Bookkeeping Questions and Lessons from American Realty Capital Scandal

The American Realty Capital Scandal has raised a number of bookkeeping questions that investors, regulators and executives can learn from. How will this scandal impact corporate finance?


American Realty Capital (ARG) recently came under fire after admitting to a series of accounting irregularities. The scandal wasn’t as serious as the fallout from Enron in 2001, but has still fueled ire among Wall Street investors. Executive Chairman Nicholas Schorsch and two other executives have resigned over the scandal.

While the case has significantly dampened sentiments of American Realty Capital investors, it has created even more significant concerns on Wall Street. Investors have raised a number of bookkeeping questions about the practices at ARG, which other corporations will need to answer as well. Investors should learn the fundamentals of bookkeeping or hire a professional accountant to research a company before investing in it.

 

Bookkeeping Questions Raised Over New Scandal

ARG first faced problems in October. The company admitted to SEC auditors that it had inflated operating revenue figures, presumably to inflate their stock price.

The SEC is still investigating possible accounting errors with the company. William Stanley was reportedly appointed as interim CEO until the company can find a permanent replacement. Stanley said that the discovery is a positive development, because it allows ARG to take the necessary steps to change its accounting practices and increase transparency. However, it still highlights a number of problems that have become a cause for concern on Wall Street.

Lessons for Executives and Investors

The problems with ARG have led to a number of bookkeeping questions for everyone that works with or invests in a publicly traded company. Here are some of the questions that stakeholders are probably asking:

  • Can investors trust other companies to report their finances honestly?
  • Should investors only invest in companies with the right compliance programs in place?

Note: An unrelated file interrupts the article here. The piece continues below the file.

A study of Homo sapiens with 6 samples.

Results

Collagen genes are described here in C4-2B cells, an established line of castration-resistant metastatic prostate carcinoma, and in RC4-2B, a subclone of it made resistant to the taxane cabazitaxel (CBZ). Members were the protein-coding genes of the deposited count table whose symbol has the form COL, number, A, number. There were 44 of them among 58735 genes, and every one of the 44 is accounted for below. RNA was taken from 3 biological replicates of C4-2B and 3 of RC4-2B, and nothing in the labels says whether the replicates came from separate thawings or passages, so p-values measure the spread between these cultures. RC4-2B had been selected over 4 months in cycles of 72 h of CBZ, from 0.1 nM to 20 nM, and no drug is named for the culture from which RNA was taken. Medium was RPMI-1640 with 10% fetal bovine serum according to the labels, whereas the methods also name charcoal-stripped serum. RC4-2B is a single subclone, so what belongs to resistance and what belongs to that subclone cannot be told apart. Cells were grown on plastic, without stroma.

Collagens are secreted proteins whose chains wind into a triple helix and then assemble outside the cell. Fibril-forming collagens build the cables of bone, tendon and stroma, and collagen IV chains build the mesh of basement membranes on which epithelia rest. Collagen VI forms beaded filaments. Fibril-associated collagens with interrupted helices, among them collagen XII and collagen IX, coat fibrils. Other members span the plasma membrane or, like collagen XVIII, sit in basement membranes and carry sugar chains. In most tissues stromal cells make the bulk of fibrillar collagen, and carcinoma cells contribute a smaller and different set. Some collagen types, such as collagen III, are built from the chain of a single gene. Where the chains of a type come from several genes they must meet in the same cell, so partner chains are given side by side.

• Will companies need to be more straightforward with their reporting to survive SEC audits?

The SEC has been trying to crack down on accounting malfeasance, insider trading and other financial crimes. However, the regulator’s power was recently called into question after an appellate court overturned insider trading convictions of two hedge fund managers. Therefore, investors will need to be more diligent about reading financial sheets and learn to identify possible bookkeeping errors on their own.

 

Reading Between the Lines with Corporate Financial Statements

Every investor should read corporate financial statements carefully before purchasing stock. However, they also need to be wary of the figures, because they can be influenced by a number of factors. The Frankfurt Stock Exchange in Germany shared some tips that are also applicable to U.S. investors.

One of the most important takeaways from the ARG scandal is that companies have a lot of leeway with reporting Earnings Before Interest and Taxes. However, they don’t have the same flexibility with reporting net income, so investors should look at that revenue metric on the income statement very carefully.

Some companies may blatantly misrepresent their finances, but very few are willing to take the risk since the SEC monitors transactions so closely. The biggest mistake most companies make is trying to get too creative without breaking the law. They may unwittingly cross the line, but at least the majority of these errors are more noticeable. Here are some things that they need to pay attention to:

  • Unusual changes in revenues or gross profits
  • Earning trends that do not reflect news about demand
  • Changes in financial documents are grossly inconsistent with those in the industry
  • Few explanations are offered for significant changes in revenues

Every investor needs to be a detective answer any bookkeeping questions while reading a financial document. Keep in mind that companies are rarely entirely transparent when reporting income, so investors should always take these reports with a grain of salt.

Seek Help Reading Financial Sheets

Investors need to study financial statements very carefully before purchasing common stock. Unfortunately, the ARG case provides new evidence that corporations aren’t completely honest when they report their earnings. You will need to raise different questions and learn to discern accurate information from these reports. Please feel to reach out to Horne Financial if you have any bookkeeping questions about reading these financial documents.